Northern Rock U-turn as FSA springs surprise relaxation of banking rules

Northern Rock is to start lending again after a Government U-turn means it will no longer have to show customers the door once their current deal is finished

Northern Rock is to start lending again after a Government U-turn means it will no longer have to show customers the door once their current deal is finished

Taxpayers have been warned they will have to wait even longer to get back their money from the disgraced Northern Rock.

The State-owned bank was meant to have paid back every penny by the end of 2010, but its repayment plan has been dramatically ripped up.

The decision was taken in a desperate bid to ease Britain's mortgage drought which is crippling homeowners who need to get a new loan.

The Government has announced a radical U-turn which will see the former building society trying to lend, rather than trying not to.

Since its nationalisation, Northern Rock has been urging its 800,000 mortgage borrowers to leave the bank when their current deal ends.

By redeeming their mortgage, the bank was able to use the money to repay its loan of taxpayers' money.

It is going to stop 'actively encouraging' its customers to quit the bank when their current deal, such as a two-year fixed rate mortgage, expires.

This policy, laid out in its business plan last March, was putting undue pressure on other lenders in Britain.

An army of ex-Northern Rock customers were knocking on their doors trying to remortgage their loan at a time when lenders have little to lend.

Under the new plan, which will need European state aid approval, they will be offered decent deals by Northern Rock, rather than getting a letter urging them to quit.

A statement from the bank said: 'In order to support Government policy to increase mortgage lending capacity in the market, the company confirms that it is slowing down the rate of mortgage redemptions.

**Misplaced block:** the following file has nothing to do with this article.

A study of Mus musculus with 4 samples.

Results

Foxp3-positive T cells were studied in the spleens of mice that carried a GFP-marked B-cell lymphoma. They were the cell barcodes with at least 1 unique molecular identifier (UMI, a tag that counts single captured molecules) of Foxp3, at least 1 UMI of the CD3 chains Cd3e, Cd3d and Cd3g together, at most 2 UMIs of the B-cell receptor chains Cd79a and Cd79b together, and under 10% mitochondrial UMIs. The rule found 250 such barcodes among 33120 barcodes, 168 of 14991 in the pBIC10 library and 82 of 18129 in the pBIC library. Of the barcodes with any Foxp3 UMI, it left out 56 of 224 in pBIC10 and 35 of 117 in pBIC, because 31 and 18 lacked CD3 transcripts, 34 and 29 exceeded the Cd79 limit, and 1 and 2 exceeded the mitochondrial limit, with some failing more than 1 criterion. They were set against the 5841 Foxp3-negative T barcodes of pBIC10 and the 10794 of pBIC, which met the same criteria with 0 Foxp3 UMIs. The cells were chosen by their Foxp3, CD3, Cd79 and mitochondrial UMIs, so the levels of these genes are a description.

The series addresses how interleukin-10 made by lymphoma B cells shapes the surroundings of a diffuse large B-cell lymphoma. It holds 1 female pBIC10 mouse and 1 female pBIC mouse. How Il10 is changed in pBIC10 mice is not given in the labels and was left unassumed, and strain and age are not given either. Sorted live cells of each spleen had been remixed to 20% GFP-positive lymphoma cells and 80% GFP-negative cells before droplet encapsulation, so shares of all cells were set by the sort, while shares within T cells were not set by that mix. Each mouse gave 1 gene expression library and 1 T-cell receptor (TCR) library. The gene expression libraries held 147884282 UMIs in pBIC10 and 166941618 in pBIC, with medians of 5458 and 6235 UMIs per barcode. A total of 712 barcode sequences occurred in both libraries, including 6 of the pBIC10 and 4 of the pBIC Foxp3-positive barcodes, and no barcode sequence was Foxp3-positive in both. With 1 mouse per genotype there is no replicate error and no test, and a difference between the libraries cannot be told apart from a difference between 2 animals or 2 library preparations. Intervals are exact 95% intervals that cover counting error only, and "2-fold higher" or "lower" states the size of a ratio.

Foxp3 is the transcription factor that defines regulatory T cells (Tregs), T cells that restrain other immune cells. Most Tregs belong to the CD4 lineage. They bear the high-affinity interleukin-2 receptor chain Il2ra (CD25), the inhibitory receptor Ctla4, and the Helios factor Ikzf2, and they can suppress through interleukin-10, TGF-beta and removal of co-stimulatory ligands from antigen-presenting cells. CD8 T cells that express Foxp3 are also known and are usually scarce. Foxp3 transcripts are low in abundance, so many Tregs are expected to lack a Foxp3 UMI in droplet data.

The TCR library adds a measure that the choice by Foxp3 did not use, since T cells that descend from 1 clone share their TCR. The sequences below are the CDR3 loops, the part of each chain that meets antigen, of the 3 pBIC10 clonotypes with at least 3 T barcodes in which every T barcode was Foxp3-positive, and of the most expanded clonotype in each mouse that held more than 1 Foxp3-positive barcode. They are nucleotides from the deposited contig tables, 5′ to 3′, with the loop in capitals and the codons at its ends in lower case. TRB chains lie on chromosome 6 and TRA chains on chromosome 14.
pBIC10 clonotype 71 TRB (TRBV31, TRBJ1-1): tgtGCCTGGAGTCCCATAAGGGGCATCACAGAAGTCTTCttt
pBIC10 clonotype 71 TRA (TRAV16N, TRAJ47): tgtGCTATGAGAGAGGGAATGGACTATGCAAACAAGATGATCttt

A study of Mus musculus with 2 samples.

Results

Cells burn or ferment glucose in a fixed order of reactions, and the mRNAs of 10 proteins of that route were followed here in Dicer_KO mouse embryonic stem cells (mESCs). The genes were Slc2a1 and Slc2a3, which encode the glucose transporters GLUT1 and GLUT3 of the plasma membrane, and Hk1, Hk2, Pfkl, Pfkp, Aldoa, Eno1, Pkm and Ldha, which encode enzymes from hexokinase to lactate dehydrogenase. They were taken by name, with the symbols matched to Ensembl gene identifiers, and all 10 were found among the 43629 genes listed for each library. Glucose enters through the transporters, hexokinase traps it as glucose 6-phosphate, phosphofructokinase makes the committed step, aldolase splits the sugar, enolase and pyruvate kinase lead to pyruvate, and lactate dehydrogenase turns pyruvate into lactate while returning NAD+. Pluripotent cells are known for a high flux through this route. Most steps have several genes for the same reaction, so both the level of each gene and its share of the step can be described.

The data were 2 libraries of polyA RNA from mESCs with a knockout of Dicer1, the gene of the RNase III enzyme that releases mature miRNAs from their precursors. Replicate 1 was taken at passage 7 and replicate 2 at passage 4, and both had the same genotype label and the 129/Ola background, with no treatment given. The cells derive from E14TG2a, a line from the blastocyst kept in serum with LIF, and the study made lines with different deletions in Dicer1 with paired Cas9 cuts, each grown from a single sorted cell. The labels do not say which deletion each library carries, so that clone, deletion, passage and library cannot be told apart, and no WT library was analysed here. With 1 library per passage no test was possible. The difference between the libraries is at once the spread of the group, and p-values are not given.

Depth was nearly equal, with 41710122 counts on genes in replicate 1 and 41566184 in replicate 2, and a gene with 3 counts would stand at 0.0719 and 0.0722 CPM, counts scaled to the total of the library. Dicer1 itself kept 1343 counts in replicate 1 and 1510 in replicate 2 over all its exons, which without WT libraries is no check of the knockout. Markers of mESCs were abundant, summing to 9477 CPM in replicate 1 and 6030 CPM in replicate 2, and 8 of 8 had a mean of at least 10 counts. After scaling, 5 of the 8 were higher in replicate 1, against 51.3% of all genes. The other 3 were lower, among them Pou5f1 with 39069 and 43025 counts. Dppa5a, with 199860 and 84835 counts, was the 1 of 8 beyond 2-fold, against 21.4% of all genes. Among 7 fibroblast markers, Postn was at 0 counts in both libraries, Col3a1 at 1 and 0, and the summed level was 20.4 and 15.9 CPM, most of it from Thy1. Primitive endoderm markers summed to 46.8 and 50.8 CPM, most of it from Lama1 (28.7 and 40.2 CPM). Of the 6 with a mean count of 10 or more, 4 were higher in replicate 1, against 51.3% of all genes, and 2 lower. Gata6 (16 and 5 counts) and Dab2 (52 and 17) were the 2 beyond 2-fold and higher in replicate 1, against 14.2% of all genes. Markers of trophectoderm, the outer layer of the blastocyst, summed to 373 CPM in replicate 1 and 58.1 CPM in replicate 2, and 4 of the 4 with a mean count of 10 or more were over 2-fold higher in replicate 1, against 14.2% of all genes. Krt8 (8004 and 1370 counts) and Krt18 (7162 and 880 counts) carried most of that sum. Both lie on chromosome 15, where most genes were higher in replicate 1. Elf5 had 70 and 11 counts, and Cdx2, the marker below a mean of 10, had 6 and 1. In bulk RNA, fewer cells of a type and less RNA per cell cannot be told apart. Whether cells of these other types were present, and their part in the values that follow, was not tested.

'This means that more mortgage customers will be able to stay with Northern Rock.

'A reduced level of redemptions will lead to Northern Rock repaying its loan to Government at a slower rate.'

The bank is also likely to start trying to win new mortgage customers as well as encouraging its remaining 600,000 mortgage customers to stay.

At present, the bank is one of the least competitive of Britain's top 10 lenders, offering deals which only the desperate would sign up to.

Its two-year fixed rate for anybody borrowing 65 per cent or less of the property's value charges 4.79 per cent. Rival lenders charged 3.99 or less.

Northern Rock's standard variable rate will be 5.09 per cent from next month, far higher than some of its rivals which charge just 3.5 per cent.

By changing the strategy at the bank, the Government hopes to improve the availability of mortgages to first-time buyers and homeowners who need to remortgage.

A revised business plan is currently being worked on by the bank's management team, the Treasury and other external advisers.

It is expected to be published in the next few weeks, but will then go to Europe to be approved before the bank can change its strategy.

Latest figures, from October, show the bank has £11.5billion to repay, which means it is far ahead of its repayment schedule.

Northern Rock said the new plan will have 'no impact' on savers.

The bank has become a safe haven for nervous investors who flocked to the bank which offers a 100 per cent guarantee on deposits, unlike its rivals.

FSA surprise

Banks could have billions more to lend to credit-starved companies and households following a relaxation of the banking rules.

In a surprise move, the City watchdog eased the rules governing the capital cushions kept by High Street banks.

The Financial Services Authority has told lenders they could operate on slimmed-down buffers from now on.

Experts say the move could free up billions in money to lend to businesses and consumers over the coming months.

Normally banks must maintain big enough capital cushions to cover customer withdrawals and to insulate themselves against soured loans.

But the FSA tightened up the rules in October after the collapse of Wall Street bank Lehman Brothers unleashed unparalleled mayhem on financial markets.

The regulator moved because it feared that British banks would need to have bigger cushions in case more key institutions went under.

The more onerous rules were blamed for exacerbating the credit drought.

The FSA's U-turn underlines the severity of the financial crisis now engulfing Britain.

International rules require banks to put more cash aside in times of economic hardship.

But British banks will be allowed to operate under a less rigid restrictions because the country cannot afford the mortgage drought to continue.